The term omnichannel first entered business parlance in the early 2000s. It was used to describe the integration of all physical and digital channels through which customers contacted a company so that customers could enjoy a unified experience, because everyone on every communication channel throughout the company would know exactly what the customer needed, as well as the topics that the customer had already discussed with the company.
Initially, the goal of omnichannel was to bring together digital and physical retail channels for purposes of more effective and unified selling to customers. This was needed because in the early days of commercial websites, companies actually split into two separate business selling units—one online and one brick and mortar. When customers needed to exchange an item they had purchased online, they often found that the nearest retail store couldn't process the exchange—because the online retail and the brick and mortar retail systems were separate.
Today, most retailers have eliminated this confusion in their retail channels—but online customer service and call centers lag behind.
For example, customers can make a phone call directly to a call center, engage in online chat, or use a self-service portal that gives them access to a knowledge base, which hopefully gives them the ability to solve their own issue. But often, if a customer switches between these modes of communication, they'll have to repeat their name, phone number, account number and issue.
This repetition can frustrate customers, make them feel like a company isn't listening to them, or worse, feel like the company is making them do all the work. An omnichannel approach to the call center, and to customer service in general, can help alleviate the bad feelings.
Here are three steps that companies can take to achieve a stronger omnichannel presence and make customers happier:
1. Consider using AI for help with frequently-encountered issues
In the not so distant past, if you were a call center, this meant getting customers off the phone as soon as possible—even if issues weren't solved. But the goal today must be getting customers in and out of calls quickly, with their issue completely resolved.
"One good example is a customer problem that is likely to result in a merchandise return," said J.C. Ramey, CEO of DeviceBits, which provides conversational digital agents and interactive content for customer self service. "Companies can use AI (artificial intelligence) on all of their customer service channels to see which types of customer calls or questions ultimately lead to a part replacement and the generation of an RMA (return material authorization). If AI software lets the agent know that a return situation is likely unfolding, the agent can simply tell the customer that a new part is on the way and do the RMA. This saves both the agent and the customer frustration, and the issue is solved." Once the RMA is issued and the call is closed, the system can also immediately a central database that all telephone and online chat channels also access, so everyone has a 360-degree view of the action that has been taken.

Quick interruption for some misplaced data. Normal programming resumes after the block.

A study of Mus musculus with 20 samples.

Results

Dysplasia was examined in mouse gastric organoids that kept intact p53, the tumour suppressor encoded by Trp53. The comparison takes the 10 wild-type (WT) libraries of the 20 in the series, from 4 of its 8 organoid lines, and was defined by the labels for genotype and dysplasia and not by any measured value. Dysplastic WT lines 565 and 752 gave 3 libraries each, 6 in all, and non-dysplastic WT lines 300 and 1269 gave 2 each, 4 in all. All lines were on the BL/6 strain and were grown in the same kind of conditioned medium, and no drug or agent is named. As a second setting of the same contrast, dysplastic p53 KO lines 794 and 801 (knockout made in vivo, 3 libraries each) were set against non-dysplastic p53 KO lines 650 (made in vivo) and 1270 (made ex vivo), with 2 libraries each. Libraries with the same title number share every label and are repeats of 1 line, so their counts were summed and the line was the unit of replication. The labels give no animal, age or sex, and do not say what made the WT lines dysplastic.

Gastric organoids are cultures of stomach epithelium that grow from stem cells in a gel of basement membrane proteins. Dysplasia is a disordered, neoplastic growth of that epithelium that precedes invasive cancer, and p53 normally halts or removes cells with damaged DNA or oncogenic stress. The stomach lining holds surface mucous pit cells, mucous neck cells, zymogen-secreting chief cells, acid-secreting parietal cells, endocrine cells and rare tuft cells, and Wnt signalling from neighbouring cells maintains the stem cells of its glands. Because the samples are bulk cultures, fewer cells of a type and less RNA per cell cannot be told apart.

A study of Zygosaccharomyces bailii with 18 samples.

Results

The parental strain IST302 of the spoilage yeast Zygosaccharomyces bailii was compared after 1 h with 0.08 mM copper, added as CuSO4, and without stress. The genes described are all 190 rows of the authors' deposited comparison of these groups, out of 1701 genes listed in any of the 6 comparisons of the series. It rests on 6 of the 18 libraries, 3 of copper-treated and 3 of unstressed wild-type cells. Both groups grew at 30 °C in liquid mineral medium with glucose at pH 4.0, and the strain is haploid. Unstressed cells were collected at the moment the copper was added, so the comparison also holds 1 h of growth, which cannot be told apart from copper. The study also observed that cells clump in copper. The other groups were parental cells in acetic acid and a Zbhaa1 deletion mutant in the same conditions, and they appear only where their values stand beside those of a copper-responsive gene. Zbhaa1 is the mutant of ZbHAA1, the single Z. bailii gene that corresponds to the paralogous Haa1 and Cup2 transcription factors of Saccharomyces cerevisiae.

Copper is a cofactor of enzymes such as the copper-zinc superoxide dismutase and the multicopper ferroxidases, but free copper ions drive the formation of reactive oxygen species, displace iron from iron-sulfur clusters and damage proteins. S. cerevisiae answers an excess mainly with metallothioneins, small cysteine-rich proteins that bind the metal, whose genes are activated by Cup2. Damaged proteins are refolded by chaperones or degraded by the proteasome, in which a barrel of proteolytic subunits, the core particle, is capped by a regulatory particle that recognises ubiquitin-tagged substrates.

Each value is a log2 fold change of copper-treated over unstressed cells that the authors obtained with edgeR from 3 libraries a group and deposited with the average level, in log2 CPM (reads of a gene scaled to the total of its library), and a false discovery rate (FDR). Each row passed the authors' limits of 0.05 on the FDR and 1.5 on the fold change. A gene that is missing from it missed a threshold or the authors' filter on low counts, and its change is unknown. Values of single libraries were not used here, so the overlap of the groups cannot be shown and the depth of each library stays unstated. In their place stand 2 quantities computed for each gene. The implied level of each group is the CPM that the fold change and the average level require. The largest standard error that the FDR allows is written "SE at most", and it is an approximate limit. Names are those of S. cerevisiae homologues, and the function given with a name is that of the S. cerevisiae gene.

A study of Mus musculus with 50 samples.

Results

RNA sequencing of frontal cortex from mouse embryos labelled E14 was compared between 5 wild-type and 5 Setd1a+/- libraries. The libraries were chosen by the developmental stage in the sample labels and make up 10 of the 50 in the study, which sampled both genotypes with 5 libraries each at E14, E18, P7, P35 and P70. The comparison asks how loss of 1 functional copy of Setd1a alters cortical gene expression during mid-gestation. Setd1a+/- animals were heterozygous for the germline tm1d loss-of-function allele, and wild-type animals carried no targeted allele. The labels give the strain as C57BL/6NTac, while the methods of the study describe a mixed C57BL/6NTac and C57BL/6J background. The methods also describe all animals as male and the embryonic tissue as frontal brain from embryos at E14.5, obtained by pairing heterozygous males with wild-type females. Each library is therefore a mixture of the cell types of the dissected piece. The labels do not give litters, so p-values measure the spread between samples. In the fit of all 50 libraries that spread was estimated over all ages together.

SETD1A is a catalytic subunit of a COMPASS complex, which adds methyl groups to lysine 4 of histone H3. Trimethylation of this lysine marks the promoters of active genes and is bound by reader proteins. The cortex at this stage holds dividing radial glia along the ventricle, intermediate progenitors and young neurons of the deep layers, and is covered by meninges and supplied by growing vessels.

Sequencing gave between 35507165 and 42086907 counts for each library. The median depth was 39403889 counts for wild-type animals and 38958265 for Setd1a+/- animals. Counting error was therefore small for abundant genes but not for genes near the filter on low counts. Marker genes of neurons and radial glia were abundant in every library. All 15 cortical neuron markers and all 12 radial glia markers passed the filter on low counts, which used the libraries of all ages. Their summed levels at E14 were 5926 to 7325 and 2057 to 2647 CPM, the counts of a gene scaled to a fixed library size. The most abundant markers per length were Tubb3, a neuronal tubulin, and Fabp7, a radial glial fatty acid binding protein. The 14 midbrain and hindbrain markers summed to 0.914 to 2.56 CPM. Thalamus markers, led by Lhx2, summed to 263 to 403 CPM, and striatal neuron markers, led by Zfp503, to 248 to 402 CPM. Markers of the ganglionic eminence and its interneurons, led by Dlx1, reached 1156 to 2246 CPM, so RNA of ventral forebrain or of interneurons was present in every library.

2. Develop better customer frustration detection
Documentation of previous conversations with agents from any channel, or even with salespeople from a brick and mortar store can all be pulled into a single database. This helps the agent, who can use this information to fully understand the customer's pain points, issues, and everything the customer has been through during the servicing of a request. At the same time, the call center can utilize AI systems that analyze customer and agent voice inflections in real time. These systems can detect when voices start to rise or when signs of anger begin to manifest in a conversation. At these points, the system can flag a supervisor, who can intervene, if needed.
3. Make sure automated systems function well
Overly complicated automated phone trees and online self-service, or FAQs that don't actually provide the answers customers are looking for won't score high in customer satisfaction surveys. They also won't contribute much content to the universal knowledge database that omnichannel requires. For this reason, companies should monitor the effectiveness of their automated customer service channels, detecting signs of frustration like high abandon rates. The more that automated service channels are fine-tuned to respond to customers, the more they will be able to contribute meaningful content that the call center and other customer service channels can utilize.
Mary E. Shacklett is president of Transworld Data, a technology research and market development firm. Prior to founding the company, Mary was Senior Vice President of Marketing and Technology at TCCU, Inc., a financial services firm; Vice President of Product Research and Software Development for Summit Information Systems, a computer software company; and Vice President of Strategic Planning and Technology at FSI International, a multinational manufacturing company in the semiconductor industry. Mary is a keynote speaker and has more than 1,000 articles, research studies, and technology publications in print.